Cannes Journal: ‘Wildlife’


Movie Rating:


Paul Dano explodes out of the gate with his directorial debut. ‘Wildlife’ immediately establishes him as an independent director to be contended with. Written in collaboration with Zoe Kazan and based on a novel by Richard Ford, this period family drama is as emotionally raw and intellectually enriching as many of the roles Dano has brought to life in other fine films.

Jerry (Jake Gyllenhaal) and Jean (Carey Mulligan) are the parents of an adolescent son, Joe (Ed Oxenbould). Jerry’s a local golf pro who recently moved his family to Montana. He spends his days swinging clubs and scraping the shoes of his patrons while surreptitiously taking bets on the sly. When confronted by his boss, his temper flares and his prideful response is surely the cause of much of his self-destruction. His patient wife is there to support him at his lowest, and we’re treated to the embodiment of the nuclear family, fulfilling a vision of the stereotypical suburban life.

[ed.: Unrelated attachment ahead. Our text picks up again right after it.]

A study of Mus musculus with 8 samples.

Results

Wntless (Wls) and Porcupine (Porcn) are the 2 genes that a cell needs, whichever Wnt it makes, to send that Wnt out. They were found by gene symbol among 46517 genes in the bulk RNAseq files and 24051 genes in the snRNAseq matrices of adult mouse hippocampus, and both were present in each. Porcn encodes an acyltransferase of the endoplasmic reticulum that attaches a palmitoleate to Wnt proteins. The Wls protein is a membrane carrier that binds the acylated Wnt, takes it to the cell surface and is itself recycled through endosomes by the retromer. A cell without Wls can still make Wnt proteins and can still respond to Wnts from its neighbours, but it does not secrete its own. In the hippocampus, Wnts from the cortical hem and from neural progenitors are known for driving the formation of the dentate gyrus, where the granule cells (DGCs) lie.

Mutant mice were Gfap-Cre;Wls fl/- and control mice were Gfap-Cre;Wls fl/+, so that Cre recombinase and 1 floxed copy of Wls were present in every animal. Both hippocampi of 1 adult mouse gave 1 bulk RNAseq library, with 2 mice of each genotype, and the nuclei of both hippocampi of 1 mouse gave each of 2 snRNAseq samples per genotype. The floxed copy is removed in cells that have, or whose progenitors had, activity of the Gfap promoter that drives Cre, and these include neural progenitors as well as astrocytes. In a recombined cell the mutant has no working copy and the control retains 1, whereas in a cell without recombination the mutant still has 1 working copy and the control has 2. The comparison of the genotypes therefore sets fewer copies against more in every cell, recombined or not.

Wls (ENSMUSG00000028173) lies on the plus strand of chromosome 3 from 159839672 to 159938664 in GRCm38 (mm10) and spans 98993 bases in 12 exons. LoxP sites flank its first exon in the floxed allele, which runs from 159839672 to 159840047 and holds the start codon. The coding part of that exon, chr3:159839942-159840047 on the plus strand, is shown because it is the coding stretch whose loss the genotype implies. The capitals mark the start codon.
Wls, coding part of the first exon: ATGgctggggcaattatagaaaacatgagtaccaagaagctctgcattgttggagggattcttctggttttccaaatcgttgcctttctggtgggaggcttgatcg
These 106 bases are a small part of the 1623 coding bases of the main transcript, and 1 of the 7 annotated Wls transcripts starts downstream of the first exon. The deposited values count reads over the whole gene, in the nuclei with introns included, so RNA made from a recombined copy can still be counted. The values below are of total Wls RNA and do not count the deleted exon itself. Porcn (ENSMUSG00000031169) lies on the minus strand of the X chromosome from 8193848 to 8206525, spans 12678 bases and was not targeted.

Under this bucolic image boils a deep rage. As the family unit disintegrates, things get more and more complicated for young Joe. Thanks to pitch-perfect performances and restrained direction, the transition fuels the film’s success, bringing us along at each moment to believable choices and consequences that never slide toward melodrama.

By eliciting such empathetic moments even when the characters are behaving badly, Dano’s work truly shines. We’re drawn into this world not via a sense of voyeurism but by connecting ourselves directly with the characters, understanding their flaws as reflecting our own, and seeing through Joe’s eyes our inability to put the shattered family unit back together again.

The film’s production design and visual style bely its low budget. Dano uses color and texture to lead us from a sunny introduction into the darker moments that unfold. Yet like the narrative, things never get so overwrought that they turn unbelievable. Instead, like many of Dano’s performances, this film is deeply impactful without the need for kinetic or explosive archness. With ‘Wildlife’, we see another element of Dano’s gift, transferring his subtle and sympathetic performance to the work of his collaborating actors. It’s a pleasurable transition, and speaks enormously to the range of Dano’s gift.